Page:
PTEC is a state-of-the-art tidal energy generation project that has already achieved planning consents and has secured a connection offer to the electricity grid network. As a result, it will cement the UK’s position at the centre of an exciting new global energy sector, unlocking significant investment and job creation.

The PTEC approach – a readymade, ‘live’ commercial platform run in partnership with the local council and various turbine manufacturers – presents an exciting model for the tidal energy industry. Its success could accelerate the deployment of other marine renewables projects elsewhere in the country.

PTEC will bring together a range of different tidal turbine technologies in one setting. They will be positioned in groups or ‘arrays’ within an area of five square kilometres. Export cables on the seabed will bring the electricity generated from the site to an onshore substation.

Unique model

PTEC’s model is unique. It is pre-consented by the local planning authority and Marine Management Organisation, and collaborative in its work with the local council and turbine manufacturers. It is also commercially minded, in providing power to the grid and technological optimisation simultaneously. All of this means that PTEC will provide a blueprint for low cost, low risk tidal energy production in the UK.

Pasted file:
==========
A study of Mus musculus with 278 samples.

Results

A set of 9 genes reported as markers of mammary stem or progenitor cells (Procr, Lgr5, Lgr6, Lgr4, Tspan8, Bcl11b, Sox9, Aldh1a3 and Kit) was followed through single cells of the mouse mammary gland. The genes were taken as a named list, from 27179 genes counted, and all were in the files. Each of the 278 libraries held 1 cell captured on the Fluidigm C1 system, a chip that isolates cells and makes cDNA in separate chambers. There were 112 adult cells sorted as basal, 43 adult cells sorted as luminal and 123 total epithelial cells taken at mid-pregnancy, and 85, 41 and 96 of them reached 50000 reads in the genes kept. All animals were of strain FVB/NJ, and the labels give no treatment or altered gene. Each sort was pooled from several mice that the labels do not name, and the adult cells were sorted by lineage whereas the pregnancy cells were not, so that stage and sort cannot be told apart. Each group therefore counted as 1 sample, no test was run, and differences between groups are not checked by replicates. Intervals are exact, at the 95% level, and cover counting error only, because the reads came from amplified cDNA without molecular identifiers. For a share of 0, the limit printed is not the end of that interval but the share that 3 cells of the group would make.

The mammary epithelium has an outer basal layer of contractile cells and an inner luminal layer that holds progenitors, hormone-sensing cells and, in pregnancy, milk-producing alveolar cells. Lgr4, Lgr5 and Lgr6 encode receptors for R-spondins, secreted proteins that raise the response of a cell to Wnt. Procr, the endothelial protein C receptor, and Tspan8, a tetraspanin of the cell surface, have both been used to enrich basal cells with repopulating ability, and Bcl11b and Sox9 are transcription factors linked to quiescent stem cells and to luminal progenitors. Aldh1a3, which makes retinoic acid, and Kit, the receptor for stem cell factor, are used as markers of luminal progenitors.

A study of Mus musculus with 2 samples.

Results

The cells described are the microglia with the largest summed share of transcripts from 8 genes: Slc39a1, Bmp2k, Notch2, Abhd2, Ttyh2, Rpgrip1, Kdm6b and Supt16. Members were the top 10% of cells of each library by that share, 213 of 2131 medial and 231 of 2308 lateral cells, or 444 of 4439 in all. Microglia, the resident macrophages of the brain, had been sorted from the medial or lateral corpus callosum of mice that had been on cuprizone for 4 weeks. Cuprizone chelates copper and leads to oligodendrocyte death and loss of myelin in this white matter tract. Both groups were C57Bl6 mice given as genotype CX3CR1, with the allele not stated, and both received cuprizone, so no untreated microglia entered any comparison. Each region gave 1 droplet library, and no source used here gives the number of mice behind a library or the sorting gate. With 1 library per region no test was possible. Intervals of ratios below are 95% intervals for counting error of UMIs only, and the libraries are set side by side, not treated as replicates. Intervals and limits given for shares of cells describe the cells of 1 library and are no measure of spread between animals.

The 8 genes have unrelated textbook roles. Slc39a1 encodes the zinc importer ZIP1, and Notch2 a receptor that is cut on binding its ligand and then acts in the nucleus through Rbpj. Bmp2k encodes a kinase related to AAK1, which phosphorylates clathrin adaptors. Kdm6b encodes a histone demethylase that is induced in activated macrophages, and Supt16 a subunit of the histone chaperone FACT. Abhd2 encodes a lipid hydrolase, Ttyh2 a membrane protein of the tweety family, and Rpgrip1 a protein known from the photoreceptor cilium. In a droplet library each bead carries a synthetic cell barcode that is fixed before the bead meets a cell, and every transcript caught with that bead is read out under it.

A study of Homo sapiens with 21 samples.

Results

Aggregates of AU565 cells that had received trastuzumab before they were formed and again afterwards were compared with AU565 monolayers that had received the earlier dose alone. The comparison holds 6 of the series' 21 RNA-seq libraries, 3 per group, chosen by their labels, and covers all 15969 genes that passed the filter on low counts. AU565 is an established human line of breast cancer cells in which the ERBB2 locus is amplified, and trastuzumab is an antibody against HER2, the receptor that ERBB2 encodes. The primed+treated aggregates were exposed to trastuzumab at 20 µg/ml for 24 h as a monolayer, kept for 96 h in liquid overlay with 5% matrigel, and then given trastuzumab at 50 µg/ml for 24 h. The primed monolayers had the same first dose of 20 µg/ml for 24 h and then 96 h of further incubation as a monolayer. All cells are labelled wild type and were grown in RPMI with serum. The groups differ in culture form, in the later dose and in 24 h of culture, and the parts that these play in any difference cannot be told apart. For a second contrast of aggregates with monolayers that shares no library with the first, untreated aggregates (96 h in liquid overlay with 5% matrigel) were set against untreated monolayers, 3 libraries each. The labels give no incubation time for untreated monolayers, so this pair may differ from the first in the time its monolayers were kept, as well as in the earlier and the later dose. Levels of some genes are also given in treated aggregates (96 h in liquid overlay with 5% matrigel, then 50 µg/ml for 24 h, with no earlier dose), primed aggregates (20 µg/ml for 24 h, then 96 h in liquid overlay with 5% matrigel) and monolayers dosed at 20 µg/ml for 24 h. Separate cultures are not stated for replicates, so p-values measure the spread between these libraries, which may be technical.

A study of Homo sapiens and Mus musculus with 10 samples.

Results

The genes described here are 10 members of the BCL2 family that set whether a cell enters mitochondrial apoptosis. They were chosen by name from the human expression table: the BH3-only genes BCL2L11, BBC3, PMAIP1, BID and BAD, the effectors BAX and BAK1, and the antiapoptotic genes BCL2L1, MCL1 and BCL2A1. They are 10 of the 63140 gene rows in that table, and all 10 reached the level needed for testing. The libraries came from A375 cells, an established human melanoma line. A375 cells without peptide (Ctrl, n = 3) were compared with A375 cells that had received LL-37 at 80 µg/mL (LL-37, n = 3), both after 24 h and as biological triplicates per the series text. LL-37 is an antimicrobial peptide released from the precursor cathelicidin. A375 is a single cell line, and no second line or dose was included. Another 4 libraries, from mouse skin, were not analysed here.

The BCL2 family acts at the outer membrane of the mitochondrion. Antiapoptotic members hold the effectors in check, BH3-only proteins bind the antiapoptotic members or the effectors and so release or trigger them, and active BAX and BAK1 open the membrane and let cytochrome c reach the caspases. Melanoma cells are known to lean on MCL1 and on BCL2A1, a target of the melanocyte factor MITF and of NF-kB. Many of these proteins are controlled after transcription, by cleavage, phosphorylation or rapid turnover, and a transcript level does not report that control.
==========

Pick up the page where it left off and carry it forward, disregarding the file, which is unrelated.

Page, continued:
Including a variety of different turbine technologies drives competition and productivity. Cost reduction is built into the commercial model.

Rapid development

The terms we’ve agreed with our tidal turbine manufacture partners ensure we share both the risks and rewards – and ultimately the motivation – to make this venture as financially and technologically rewarding as possible.

The aim is for the site to be fully operational by 2021.

Rigorous process

Work on the project began in 2010 and the seabed Agreement for Lease was secured in November 2012. PTEC’s planning application was granted by the local planning authority in September 2015 and by the Marine Management Organisation (MMO) in April 2016. The approval process has been rigorous, involving significant consultation. Any potential environmental and community impacts have been closely examined.